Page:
Many small business owners say this election could make or break their business
More than half of small business owners said the upcoming election is the MOST important of their lifetime.
The study of 500 U.S. entrepreneurs found a fifth said their company could be in jeopardy depending on the political outcome.
And one in 10 U.S. businesses will have to close their doors for good — if the upcoming presidential election doesn’t go their way.
For 11%, this is their first time voting as a small business owner and for more than one in 20 it’s their first time voting in a while.
The issues business owners are most focused on are the economy (68%), affordable health care (43%) and small business tax reform (26%).
The research, which was commissioned by Vistaprint, found 95% of entrepreneurs plan to vote in the upcoming election — with 55% doing so in person and 40% via a mail-in.
And 37% said an election has never been more important for small businesses.
“Small businesses are the lifeblood of our economy and their votes are paramount in every election, but especially this year,” said Vistaprint North America Market Director Erin Shea.
“For more than 20 years, Vistaprint has been the marketing and design partner for millions of small businesses across the U.S. As their partner, it is important for us to understand how they are feeling going into the upcoming election and how the events and policies of the past six months have impacted them.
“This survey helps to shine a light on the topics most important to small business owners along with addressing their concerns about casting their ballot in this election.”
The study found of those planning to vote in person, 77% hope mandatory mask-wearing will be in place, while 75% want to see social distancing in place, well more than half would like to see sanitation stations (59%) and appropriate directional or informational signage (58%).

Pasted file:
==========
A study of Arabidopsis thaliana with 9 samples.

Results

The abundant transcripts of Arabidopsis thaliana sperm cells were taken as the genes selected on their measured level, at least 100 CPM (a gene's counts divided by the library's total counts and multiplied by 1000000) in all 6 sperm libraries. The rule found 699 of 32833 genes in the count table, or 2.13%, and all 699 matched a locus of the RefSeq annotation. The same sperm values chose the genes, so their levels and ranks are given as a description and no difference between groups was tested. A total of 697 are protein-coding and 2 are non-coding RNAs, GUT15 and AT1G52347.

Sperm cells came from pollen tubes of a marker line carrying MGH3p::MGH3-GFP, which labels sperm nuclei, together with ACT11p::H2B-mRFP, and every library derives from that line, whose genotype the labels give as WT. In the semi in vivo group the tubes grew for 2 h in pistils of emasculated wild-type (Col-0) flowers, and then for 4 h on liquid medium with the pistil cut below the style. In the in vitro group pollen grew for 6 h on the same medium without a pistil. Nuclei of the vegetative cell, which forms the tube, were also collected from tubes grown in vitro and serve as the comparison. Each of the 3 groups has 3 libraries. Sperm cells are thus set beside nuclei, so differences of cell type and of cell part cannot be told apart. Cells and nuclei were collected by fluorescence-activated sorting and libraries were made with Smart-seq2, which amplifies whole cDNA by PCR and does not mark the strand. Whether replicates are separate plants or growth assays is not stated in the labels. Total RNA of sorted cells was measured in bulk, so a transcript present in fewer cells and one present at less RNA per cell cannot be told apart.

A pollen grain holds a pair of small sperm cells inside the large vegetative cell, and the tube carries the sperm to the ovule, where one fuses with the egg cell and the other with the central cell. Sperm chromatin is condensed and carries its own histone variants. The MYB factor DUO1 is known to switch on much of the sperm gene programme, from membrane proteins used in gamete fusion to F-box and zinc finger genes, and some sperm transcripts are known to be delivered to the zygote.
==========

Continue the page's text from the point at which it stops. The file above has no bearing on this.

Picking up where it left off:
Fifty-four percent of respondents planning to vote via mail-in are doing so because they are worried about being exposed to COVID-19 if they physically go to their polling station.
Top reasons from the 5% not planning to vote included being fed up with politics in general (41%), feeling like their vote doesn’t matter (33%) and not liking any of the options (15%).
More than a quarter said better candidates would compel them to vote, while 30% would be persuaded if they ‘knew’ it would make a difference.
Nearly half of small business owners said national elections have had the biggest impact on their business.
Further issues they will focus on in the upcoming vote include the safety and public health restriction for small businesses (14%), unemployment (17%) and business relief such as the Paycheck Protection Program (17%).
Of those polled, 18% were eligible for the PPP and 58% applied.
Almost three-quarters did so in order to help their employees by keeping their salaries, wages and commissions and 40% used it to pay the rent or mortgage for their premises.
But 31% of those who didn’t apply claimed it was too complicated and almost a tenth weren’t aware of the PPP at all.
Overall, a third of business owners feel anxious or worried about the election while 24% said they’re nervous and another 16% admitted they’re outright scared.
And a further sixth said they may have to make some big changes to their company depending on the voting result.
Following the pandemic, a positive 74% are confident their business will survive.
And the policies which have had the most positive impact during this time included health and safety measures which have allowed businesses to open (16%) and unemployment benefits (14%).
“The pandemic has devastated communities across the nation, and we have seen that small businesses have been hit particularly hard. Participation in this upcoming election is pivotal and is reflected in the survey as nearly all respondents (95%) intend to vote in November,” said Vistaprint North America Market Direct Erin Shea.